Marijuana Use Predicts Cognitive Performance on Tasks of Executive Function.
Dahlgren MK1,2, Sagar KA1, Racine MT1, Dreman MW1, Gruber SA1,3.
Despite growing evidence that chronic marijuana use is associated with cognitive impairment, particularly when use is initiated at an early age, national trends demonstrate significant decreases in the perceived risk of marijuana corresponding with increased use, especially among youth. The current study assessed the impact of marijuana use on executive function and whether patterns of marijuana use, including earlier age at onset, higher frequency, and increased magnitude of use, predict impairment.
Forty-four chronic, heavy marijuana smokers (37 male, 7 female) and 32 healthy, nonsmoking control participants (20 male, 12 female) recruited from the Greater Boston area completed two assessments of executive function: the Stroop Color Word Test and Wisconsin Card Sorting Test (WCST).
Marijuana smokers had poorer executive function relative to control participants, a between-group difference that was primarily driven by individuals with early onset of marijuana use (before age 16; n = 21); significance remained even when controlling for frequency and magnitude of use. Further, earlier age at marijuana onset and increased marijuana use predicted poorer neurocognitive performance, and perseverative errors on the WCST significantly predicted marijuana group membership.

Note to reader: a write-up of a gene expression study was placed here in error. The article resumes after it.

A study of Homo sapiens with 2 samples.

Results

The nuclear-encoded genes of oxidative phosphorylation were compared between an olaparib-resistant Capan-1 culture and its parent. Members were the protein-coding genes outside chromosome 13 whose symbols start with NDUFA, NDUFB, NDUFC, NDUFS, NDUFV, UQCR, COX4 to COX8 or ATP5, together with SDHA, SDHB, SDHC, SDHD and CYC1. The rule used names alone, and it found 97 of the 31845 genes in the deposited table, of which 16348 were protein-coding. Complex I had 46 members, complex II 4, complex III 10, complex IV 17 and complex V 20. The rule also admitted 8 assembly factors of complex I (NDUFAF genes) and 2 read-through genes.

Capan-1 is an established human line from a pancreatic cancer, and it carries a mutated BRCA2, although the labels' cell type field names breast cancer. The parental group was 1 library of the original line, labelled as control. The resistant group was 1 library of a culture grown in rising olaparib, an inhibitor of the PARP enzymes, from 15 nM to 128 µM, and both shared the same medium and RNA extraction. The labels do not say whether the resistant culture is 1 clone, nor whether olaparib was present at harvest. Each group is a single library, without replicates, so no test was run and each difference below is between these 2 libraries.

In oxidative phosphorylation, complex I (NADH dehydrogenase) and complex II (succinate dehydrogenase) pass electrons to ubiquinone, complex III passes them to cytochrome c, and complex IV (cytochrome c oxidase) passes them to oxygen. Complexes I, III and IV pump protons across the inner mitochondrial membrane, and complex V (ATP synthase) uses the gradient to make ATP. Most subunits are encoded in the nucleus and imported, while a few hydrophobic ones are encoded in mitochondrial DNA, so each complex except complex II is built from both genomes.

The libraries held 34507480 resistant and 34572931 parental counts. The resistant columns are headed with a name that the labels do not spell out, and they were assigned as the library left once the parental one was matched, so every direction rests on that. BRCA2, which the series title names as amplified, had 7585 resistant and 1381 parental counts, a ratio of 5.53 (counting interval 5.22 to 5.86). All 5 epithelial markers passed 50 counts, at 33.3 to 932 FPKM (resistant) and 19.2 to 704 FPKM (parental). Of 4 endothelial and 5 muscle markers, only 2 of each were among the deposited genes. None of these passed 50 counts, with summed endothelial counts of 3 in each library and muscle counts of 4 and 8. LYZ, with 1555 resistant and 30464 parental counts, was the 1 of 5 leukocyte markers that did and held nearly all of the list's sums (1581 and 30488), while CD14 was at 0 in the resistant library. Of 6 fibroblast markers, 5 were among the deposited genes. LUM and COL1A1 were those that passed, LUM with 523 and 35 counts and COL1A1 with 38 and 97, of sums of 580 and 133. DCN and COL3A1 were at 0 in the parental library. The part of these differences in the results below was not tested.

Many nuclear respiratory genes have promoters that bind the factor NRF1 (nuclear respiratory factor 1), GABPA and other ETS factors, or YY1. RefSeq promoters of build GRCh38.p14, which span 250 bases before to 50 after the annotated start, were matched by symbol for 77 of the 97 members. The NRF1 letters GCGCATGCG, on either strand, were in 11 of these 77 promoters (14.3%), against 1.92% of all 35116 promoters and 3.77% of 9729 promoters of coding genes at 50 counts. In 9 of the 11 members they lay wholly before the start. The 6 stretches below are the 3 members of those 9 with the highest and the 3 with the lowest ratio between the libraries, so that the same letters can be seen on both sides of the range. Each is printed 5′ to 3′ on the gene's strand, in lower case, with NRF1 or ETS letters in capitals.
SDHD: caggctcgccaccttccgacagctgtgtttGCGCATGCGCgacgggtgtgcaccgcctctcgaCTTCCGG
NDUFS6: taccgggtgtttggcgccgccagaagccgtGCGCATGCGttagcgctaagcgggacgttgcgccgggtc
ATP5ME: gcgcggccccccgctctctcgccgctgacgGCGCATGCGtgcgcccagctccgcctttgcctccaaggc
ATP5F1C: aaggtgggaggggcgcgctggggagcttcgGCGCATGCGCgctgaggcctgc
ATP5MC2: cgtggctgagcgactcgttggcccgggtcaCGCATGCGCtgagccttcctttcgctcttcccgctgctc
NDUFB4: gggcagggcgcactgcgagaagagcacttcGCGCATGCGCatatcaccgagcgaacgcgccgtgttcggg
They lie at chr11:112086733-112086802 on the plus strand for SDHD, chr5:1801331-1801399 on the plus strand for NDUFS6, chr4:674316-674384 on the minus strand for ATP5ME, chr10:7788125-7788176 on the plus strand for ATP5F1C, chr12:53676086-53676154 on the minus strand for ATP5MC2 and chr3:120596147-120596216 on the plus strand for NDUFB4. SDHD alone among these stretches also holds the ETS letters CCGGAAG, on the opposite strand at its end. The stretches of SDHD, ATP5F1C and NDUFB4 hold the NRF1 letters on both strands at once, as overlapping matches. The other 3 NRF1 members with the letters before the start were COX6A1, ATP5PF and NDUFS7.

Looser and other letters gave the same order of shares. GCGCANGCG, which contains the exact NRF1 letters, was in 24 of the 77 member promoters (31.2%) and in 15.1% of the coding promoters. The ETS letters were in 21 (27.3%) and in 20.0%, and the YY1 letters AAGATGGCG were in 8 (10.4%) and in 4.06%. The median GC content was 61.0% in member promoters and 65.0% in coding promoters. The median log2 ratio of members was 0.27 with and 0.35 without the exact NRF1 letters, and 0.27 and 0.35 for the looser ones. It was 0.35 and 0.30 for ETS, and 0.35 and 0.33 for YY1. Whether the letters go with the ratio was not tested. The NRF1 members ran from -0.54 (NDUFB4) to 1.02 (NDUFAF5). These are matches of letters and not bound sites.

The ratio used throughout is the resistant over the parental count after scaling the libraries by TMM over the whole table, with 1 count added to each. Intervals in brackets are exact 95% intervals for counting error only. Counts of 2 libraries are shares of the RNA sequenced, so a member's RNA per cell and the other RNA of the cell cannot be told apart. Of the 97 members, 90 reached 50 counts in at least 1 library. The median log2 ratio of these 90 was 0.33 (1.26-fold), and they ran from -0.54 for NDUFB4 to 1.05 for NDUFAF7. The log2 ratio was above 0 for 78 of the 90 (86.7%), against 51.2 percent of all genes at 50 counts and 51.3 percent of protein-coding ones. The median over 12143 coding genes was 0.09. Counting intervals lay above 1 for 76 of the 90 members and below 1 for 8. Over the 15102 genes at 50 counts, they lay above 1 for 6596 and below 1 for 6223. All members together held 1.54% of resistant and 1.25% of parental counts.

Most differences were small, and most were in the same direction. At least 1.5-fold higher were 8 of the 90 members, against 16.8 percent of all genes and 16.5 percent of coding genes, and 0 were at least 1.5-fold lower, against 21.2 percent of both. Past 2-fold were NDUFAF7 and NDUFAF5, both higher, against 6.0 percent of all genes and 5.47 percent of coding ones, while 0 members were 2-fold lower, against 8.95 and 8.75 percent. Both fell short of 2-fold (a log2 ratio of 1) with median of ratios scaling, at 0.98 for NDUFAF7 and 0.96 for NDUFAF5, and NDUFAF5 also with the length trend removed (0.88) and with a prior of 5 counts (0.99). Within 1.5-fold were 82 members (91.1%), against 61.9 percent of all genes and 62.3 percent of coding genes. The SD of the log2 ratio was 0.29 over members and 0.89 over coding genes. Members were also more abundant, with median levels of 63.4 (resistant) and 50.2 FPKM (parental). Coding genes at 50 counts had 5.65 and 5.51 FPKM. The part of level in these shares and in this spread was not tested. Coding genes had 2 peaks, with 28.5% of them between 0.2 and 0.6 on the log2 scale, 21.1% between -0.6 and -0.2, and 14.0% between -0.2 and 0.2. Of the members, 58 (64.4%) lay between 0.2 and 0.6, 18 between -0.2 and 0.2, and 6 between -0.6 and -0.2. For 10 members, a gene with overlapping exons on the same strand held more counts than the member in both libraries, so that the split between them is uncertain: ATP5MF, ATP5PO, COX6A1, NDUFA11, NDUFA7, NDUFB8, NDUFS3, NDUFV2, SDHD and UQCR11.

These findings underscore the impact of early onset of marijuana use on executive function impairment independent of increased frequency and magnitude of use. In addition, poorer performance on the WCST may serve as a neuropsychological marker for heavy marijuana users. These results highlight the need for additional research to identify predictors associated with early marijuana use, as exposure to marijuana during a period of developmental vulnerability may result in negative cognitive consequences.